Has it ever dawned on you that you are responsible spiritually to God for other people?

~Oswald Chambers

God’s goal for me to accept responsibility. Jesus has sent us out to the world to disciple them in the way of God. It is my responsibility to instruct them. The good news is that Jesus is with us.

Now the eleven disciples went to Galilee, to the mountain to which Jesus had directed them. And when they saw him they worshiped him, but some doubted. And Jesus came and said to them, “All authority in heaven and on earth has been given to me. Go therefore and make disciples of all nations, baptizing them in the name of the Father and of the Son and of the Holy Spirit, teaching them to observe all that I have commanded you. And behold, I am with you always, to the end of the age.

English Standard Version. (2016). (Mt 28:16–20). Wheaton, IL: Crossway Bibles.

Here are the key ideas:

    • God is depending on us to do his will.
    • God’s goal is for us to be responsible and to instruct others.
    • Jesus has challenged us.
    • The good news is that Jesus is with us.

The Greek verb translated go is not a command but a present participle (going). The only command in the entire Great Commission is “make disciples” (“teach all nations”). Jesus said, “While you are going, make disciples of all the nations.” No matter where we are, we should be witnesses for Jesus the Messiah and seek to win others to Him. That is it. Love God. Love our neighbors. Make disciples for Jesus.

The term “disciples” was the most popular name for the early believers. Being a disciple meant more than being a convert or a church member. Apprentice might be an equivalent term. A disciple attached himself to a teacher, identified with him, learned from him, and lived with him. He learned, not simply by listening, but also by doing. Our Master Jesus called twelve disciples and taught them so that they might be able to teach others.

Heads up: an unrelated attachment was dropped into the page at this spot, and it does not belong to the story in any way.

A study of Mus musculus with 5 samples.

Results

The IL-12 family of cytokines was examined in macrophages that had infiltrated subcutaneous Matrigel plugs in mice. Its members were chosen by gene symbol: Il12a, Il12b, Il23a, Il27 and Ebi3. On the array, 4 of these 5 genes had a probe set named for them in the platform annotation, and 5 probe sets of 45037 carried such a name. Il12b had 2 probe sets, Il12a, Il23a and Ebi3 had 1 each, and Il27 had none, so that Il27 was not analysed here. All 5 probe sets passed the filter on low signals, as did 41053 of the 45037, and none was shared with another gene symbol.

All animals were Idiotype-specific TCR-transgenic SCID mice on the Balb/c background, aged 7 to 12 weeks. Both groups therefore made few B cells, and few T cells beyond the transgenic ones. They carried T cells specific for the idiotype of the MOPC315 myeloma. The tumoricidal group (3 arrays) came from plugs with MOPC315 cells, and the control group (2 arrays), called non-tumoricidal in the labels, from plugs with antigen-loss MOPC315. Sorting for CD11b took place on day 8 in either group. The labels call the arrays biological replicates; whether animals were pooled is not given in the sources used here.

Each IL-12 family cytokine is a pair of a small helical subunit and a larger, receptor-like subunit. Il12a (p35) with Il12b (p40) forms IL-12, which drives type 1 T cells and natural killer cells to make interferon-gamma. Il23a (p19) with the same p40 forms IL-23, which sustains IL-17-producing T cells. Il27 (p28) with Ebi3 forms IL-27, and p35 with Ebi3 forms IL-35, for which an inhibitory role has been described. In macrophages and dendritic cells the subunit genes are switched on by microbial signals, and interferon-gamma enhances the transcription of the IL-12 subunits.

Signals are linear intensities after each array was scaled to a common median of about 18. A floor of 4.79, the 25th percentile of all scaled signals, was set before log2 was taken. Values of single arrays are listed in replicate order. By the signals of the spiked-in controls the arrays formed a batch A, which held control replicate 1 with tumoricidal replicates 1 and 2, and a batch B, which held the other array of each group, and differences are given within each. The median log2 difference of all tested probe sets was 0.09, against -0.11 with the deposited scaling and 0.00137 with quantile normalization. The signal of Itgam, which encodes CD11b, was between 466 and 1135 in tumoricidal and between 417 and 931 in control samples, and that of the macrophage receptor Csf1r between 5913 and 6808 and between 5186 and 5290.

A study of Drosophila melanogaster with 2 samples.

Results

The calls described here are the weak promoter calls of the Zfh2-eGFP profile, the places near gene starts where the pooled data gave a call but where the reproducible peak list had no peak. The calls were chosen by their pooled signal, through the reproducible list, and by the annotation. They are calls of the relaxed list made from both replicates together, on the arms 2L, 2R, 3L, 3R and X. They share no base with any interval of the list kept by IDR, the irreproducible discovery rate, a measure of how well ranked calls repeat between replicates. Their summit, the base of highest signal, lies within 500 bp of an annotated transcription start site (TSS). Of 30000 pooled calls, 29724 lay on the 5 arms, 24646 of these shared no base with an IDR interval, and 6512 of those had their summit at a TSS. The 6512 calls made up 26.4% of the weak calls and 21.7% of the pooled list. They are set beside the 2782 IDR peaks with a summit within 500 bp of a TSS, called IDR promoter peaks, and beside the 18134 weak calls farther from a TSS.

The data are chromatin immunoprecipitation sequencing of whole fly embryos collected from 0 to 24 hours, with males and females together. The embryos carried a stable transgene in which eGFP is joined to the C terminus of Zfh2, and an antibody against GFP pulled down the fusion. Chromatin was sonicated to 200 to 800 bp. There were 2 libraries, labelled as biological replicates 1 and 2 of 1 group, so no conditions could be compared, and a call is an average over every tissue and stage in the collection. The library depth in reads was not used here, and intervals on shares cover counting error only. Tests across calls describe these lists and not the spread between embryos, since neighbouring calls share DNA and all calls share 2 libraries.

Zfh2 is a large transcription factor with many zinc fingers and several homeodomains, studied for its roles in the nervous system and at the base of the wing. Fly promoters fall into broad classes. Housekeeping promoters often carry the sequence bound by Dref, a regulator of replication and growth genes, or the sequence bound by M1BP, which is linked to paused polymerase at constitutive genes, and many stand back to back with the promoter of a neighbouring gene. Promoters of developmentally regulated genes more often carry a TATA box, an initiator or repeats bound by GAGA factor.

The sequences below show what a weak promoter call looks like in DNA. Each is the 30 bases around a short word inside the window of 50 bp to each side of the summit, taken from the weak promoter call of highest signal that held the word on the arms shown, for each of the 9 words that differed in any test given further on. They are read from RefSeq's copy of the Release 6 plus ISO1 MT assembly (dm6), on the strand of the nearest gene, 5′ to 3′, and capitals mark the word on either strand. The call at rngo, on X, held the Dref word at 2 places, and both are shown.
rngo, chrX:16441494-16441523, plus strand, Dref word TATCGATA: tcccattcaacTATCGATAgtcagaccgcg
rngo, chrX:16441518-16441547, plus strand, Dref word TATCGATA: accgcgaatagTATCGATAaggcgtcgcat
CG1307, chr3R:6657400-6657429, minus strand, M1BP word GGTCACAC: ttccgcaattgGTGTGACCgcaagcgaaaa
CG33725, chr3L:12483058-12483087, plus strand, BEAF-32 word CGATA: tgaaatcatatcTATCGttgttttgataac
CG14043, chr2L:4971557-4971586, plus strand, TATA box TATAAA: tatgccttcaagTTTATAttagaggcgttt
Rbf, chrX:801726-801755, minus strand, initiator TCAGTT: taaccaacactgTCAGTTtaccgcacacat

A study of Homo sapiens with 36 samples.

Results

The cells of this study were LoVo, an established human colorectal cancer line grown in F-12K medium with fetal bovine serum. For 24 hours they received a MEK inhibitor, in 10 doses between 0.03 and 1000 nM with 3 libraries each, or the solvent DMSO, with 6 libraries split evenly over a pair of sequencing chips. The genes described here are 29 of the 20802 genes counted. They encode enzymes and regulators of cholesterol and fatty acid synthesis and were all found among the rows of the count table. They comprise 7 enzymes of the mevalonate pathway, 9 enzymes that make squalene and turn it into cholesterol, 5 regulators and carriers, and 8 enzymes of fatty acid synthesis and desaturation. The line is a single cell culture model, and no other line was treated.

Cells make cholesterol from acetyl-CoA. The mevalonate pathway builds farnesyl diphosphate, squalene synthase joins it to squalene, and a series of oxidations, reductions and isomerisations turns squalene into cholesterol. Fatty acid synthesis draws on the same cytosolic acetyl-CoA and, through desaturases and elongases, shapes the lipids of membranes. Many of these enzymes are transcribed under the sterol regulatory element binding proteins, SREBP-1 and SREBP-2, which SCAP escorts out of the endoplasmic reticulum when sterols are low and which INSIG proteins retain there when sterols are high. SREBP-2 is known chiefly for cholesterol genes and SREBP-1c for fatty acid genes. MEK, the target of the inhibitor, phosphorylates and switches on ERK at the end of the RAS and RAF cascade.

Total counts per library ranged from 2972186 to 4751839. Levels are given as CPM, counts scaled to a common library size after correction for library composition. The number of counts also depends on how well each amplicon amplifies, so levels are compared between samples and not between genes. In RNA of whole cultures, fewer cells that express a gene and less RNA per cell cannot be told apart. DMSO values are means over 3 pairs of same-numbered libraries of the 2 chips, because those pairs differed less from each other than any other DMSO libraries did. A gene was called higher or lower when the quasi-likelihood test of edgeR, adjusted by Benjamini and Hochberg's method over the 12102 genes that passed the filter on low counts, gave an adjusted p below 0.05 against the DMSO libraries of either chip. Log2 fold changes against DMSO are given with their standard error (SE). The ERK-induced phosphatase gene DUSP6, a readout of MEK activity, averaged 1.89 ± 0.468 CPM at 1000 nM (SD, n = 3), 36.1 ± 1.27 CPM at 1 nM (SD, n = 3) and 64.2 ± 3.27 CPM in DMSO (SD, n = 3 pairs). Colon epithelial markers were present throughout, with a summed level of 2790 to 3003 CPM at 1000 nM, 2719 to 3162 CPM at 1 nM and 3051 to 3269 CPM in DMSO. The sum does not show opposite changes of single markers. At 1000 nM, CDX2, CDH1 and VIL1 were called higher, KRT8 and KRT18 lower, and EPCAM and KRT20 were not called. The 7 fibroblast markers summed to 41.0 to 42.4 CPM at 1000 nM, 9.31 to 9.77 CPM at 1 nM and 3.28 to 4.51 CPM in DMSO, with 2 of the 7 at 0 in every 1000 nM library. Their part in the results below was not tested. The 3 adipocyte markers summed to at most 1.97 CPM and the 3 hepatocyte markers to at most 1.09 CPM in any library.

A disciple, then, is one who has believed on Jesus the Messiah and expressed this faith by being baptized. He remains in the fellowship of the believers that he might be taught the truths of the faith. He is then able to go out and win others and teach them. This was the pattern of the New Testament church.

In many respects, we have departed from this pattern. In most churches, the congregation pays the pastor to preach, win the lost, and build up the saved—while the church members function as cheerleaders (if they are enthusiastic) or spectators.

    • The “converts” are won, baptized, and given the right hand of fellowship, then they join the other spectators.
    • How much faster our churches would grow, and how much stronger and happier our church members would be, if each one was discipling another believer.
    • The only way a local church can “be fruitful and multiply” (instead of growing by “additions”) is with a systematic discipleship program.
    • This is the responsibility of every believer, and not just a small group who have been “called to go.”

Jesus had opened the minds of His disciples to understand the Scriptures. They knew what He wanted them to teach to their own converts. It is not enough to win people to the Savior; we must also teach them the Word of God. This is also a part of the Great Commission.


English Standard Version. (2016). (Mt 28:16–20). Wheaton, IL: Crossway Bibles.

Wiersbe, W. W. (1996). The Bible exposition commentary (Vol. 1, pp. 107–108). Wheaton, IL: Victor Books.